Professor Julian Lindley-French
(Former Chatham House Expert)

The UK Defence Secretary, Liam Fox, has called for closer Anglo-French defence cooperation. Clearly, budgetary pressures faced by the armed forces of both countries are behind this latest attempt. But why should this effort prove any more successful than the many previous attempts? Put simply, this is a strategic decision for Britain and France, both of which are in relative and parallel decline as power shifts east, and America and Germany are looking east too.

Therefore, new realities must be gripped and mutual mistrust and mutual miscomprehension overcome to build a new relationship. In 1998, at St Malo, the French and British tried to forge a partnership but whilst the idea was ready the politics was not. Put simply, insufficient external pressure existed on either Britain or France to force the necessary changes in policy to make Anglo-French leadership of EU security and defence a reality.

A New Anglo-French Agenda

Several steps could be taken to foster a culture of cooperation that would not exclude or damage enduring strategic partnerships with Washington and Berlin that both London and Paris will insist upon. For example, it is extremely costly for both countries to keep ballistic missile submarines patrolling the same bit of sea at the same time for the same extremely unlikely reasons. Moreover, both Britain and France are finding the cost of their respective future equipment programmes prohibitive. Anglo-French defence cooperation could render equipment such as aircraft carriers far more affordable.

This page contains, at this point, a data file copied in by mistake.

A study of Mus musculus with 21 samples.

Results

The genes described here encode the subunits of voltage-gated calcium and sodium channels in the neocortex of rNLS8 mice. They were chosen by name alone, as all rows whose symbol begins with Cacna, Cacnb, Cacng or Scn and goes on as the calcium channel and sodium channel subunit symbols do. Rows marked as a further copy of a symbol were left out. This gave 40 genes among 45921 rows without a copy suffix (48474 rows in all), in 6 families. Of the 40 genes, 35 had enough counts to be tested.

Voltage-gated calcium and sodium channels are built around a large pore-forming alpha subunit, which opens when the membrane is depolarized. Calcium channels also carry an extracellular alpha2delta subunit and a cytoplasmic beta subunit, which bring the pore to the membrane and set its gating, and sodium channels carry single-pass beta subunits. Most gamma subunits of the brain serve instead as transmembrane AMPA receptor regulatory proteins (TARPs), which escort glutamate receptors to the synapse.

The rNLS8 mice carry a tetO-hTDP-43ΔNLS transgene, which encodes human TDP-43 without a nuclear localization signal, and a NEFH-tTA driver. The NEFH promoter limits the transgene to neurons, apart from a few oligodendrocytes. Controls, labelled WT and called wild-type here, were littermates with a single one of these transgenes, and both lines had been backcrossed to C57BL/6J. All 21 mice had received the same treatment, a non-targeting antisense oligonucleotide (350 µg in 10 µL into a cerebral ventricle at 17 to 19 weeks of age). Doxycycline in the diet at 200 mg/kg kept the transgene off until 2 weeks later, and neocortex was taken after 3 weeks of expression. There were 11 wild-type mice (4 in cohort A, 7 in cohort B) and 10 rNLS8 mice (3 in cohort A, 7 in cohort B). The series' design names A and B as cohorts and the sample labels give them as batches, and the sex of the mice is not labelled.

More actionable intelligence could be shared given that both countries are locked in the same counter-terror struggle. At the very least Britain and France could do far more to generate a shared intelligence assessment. London and Paris could also do more to develop effective civil-military co-operation vital to both stabilization and reconstruction operations and what passes for a European strategic culture.

However, critical to the relationship will be military procurement co-operation. Within days of coming to power, the new British coalition government ordered a review of the €12bn Future Strategic Tanker (FSTA) to see if co-operation with the French made operational and financial sense. Other options being considered include the French and Royal Air Forces sharing Airbus A-330 tankers and Boeing C-17 airlifters, and creating a single operational pool from the future A-400M transporters. Such initiatives are fine in principle but the devil will be in the operational detail, particularly at times of stress.

Detente or Decline

The time is ripe for a new pragmatic Anglo-French defence agenda to rekindle one of the world's oldest and most profound strategic relationships. There can be no illusions. Indeed, whilst the challenges faced by both countries demand that Anglo-French defence cooperation be both strategic and pragmatic, the relationship will probably never be truly warm. Moreover, much of this cooperation will necessarily concern preparing for operations after Afghanistan. Indeed, the British have been disappointed at the refusal of France to send significant forces to aid them in the south. Trust is a precious commodity on both sides of the Channel and too often marked by its absence at critical moments.

However, such cooperation is as vital in the twenty-first century as it was in the twentieth century. The alternative is clear. Britain and France are in danger of becoming small countries far away from the centre of power about which they know little locked as they are in a parochial struggle for the leadership of the irrelevant.